The optimum treatment for high-risk soft-tissue sarcoma (STS) in adults is unclear. Regional hyperthermia concentrates the action of chemotherapy within the heated tumour region. Phase 2 studies have shown that chemotherapy with regional hyperthermia improves local control compared with chemotherapy alone. We designed a parallel-group randomised controlled trial to assess the safety and efficacy of regional hyperthermia with chemotherapy.
Patients were recruited to the trial between July 21, 1997, and November 30, 2006, at nine centres in Europe and North America. Patients with localised high-risk STS (≥5 cm, Fédération Nationale des Centres de Lutte Contre le Cancer [FNCLCC] grade 2 or 3, deep to the fascia) were randomly assigned to receive either neo-adjuvant chemotherapy consisting of etoposide, ifosfamide, and doxorubicin (EIA) alone, or combined with regional hyperthermia (EIA plus regional hyperthermia) in addition to local therapy. Local progression-free survival (LPFS) was the primary endpoint. Efficacy analyses were done by intention to treat. This trial is registered with ClinicalTrials.gov, number NCT 00003052.
341 patients were enrolled, with 169 randomly assigned to EIA plus regional hyperthermia and 172 to EIA alone. All patients were included in the analysis of the primary endpoint, and 332 patients who received at least one cycle of chemotherapy were included in the safety analysis. After a median follow-up of 34 months (IQR 20–67), 132 patients had local progression (56 EIA plus regional hyperthermia vs 76 EIA). Patients were more likely to experience local progression or death in the EIA-alone group compared with the EIA plus regional hyperthermia group (relative hazard [RH] 0.58, 95% CI 0.41–0.83; p=0.003), with an absolute difference in LPFS at 2 years of 15% (95% CI 6–26; 76% EIA plus regional hyperthermia vs 61% EIA). For disease-free survival the relative hazard was 0.70 (95% CI 0.54–0.92, p=0.011) for EIA plus regional hyperthermia compared with EIA alone. The treatment response rate in the group that received regional hyperthermia was 28.8%, compared with 12.7% in the group who received chemotherapy alone (p=0.002). In a pre-specified per-protocol analysis of patients who completed EIA plus regional hyperthermia induction therapy compared with those who completed EIA alone, overall survival was better in the combined therapy group (HR 0.66, 95% CI 0.45–0.98, p=0.038). Leucopenia (grade 3 or 4) was more frequent in the EIA plus regional hyperthermia group compared with the EIA-alone group (128 of 165 vs 106 of 167, p=0.005). Hyperthermia-related adverse events were pain, bolus pressure, and skin burn, which were mild to moderate in 66 (40.5%), 43 (26.4%), and 29 patients (17.8%), and severe in seven (4.3%), eight (4.9%), and one patient (0.6%), respectively. Two deaths were attributable to treatment in the combined treatment group, and one death was attributable to treatment in the EIA-alone group.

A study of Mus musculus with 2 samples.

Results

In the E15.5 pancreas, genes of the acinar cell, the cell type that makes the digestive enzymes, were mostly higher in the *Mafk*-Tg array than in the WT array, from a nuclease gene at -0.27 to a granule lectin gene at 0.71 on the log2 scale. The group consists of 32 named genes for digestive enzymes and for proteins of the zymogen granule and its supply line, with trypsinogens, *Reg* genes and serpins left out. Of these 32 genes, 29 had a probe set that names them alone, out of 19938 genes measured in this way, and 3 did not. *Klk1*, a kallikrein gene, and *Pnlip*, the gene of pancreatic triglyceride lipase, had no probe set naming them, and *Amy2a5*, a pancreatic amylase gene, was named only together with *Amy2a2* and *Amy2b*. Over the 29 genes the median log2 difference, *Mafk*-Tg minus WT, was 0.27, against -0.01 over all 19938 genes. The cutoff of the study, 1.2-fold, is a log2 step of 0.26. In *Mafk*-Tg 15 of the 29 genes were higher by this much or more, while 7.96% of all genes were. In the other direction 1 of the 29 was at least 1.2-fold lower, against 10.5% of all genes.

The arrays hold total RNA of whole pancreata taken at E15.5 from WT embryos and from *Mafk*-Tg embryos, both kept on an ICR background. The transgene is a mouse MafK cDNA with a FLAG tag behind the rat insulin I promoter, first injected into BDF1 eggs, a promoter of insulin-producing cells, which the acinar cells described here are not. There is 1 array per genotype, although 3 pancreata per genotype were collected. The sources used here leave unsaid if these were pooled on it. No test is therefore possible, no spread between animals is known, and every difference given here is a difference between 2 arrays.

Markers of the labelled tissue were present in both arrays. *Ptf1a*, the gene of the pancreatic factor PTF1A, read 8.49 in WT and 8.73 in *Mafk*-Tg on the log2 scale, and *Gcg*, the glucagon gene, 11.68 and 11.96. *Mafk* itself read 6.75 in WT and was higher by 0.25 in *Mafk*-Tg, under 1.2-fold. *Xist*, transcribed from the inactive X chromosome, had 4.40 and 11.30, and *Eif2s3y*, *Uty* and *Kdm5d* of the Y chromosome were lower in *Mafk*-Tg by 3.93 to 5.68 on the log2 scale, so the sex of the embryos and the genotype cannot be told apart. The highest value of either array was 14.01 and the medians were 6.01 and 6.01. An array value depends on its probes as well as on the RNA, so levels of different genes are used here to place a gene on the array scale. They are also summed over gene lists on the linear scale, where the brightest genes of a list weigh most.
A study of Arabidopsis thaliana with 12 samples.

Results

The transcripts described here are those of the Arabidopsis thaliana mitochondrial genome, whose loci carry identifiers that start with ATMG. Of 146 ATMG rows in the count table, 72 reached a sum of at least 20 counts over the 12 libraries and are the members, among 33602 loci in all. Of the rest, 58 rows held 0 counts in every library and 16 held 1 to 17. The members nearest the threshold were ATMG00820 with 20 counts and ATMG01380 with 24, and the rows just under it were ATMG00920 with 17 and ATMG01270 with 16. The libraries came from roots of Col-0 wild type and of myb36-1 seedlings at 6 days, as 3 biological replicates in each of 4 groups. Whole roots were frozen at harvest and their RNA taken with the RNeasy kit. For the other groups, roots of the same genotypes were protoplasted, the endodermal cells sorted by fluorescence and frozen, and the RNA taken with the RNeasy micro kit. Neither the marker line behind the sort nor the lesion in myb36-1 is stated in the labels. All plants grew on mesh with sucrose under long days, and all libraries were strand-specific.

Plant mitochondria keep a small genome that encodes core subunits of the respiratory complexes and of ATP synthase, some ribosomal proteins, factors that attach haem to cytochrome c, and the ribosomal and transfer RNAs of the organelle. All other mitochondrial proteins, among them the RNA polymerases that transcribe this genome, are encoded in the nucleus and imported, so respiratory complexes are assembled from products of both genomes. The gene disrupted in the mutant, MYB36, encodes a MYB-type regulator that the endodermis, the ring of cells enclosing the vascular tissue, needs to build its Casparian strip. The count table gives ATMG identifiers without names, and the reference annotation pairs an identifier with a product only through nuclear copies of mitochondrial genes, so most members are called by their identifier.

To our knowledge, this is the first randomised phase 3 trial to show that regional hyperthermia increases the benefit of chemotherapy. Adding regional hyperthermia to chemotherapy is a new effective treatment strategy for patients with high-risk STS, including STS with an abdominal or retroperitoneal location.
Deutsche Krebshilfe, Helmholtz Association (HGF), European Organisation of Research and Treatment of Cancer (EORTC), European Society for Hyperthermic Oncology (ESHO), and US National Institute of Health (NIH).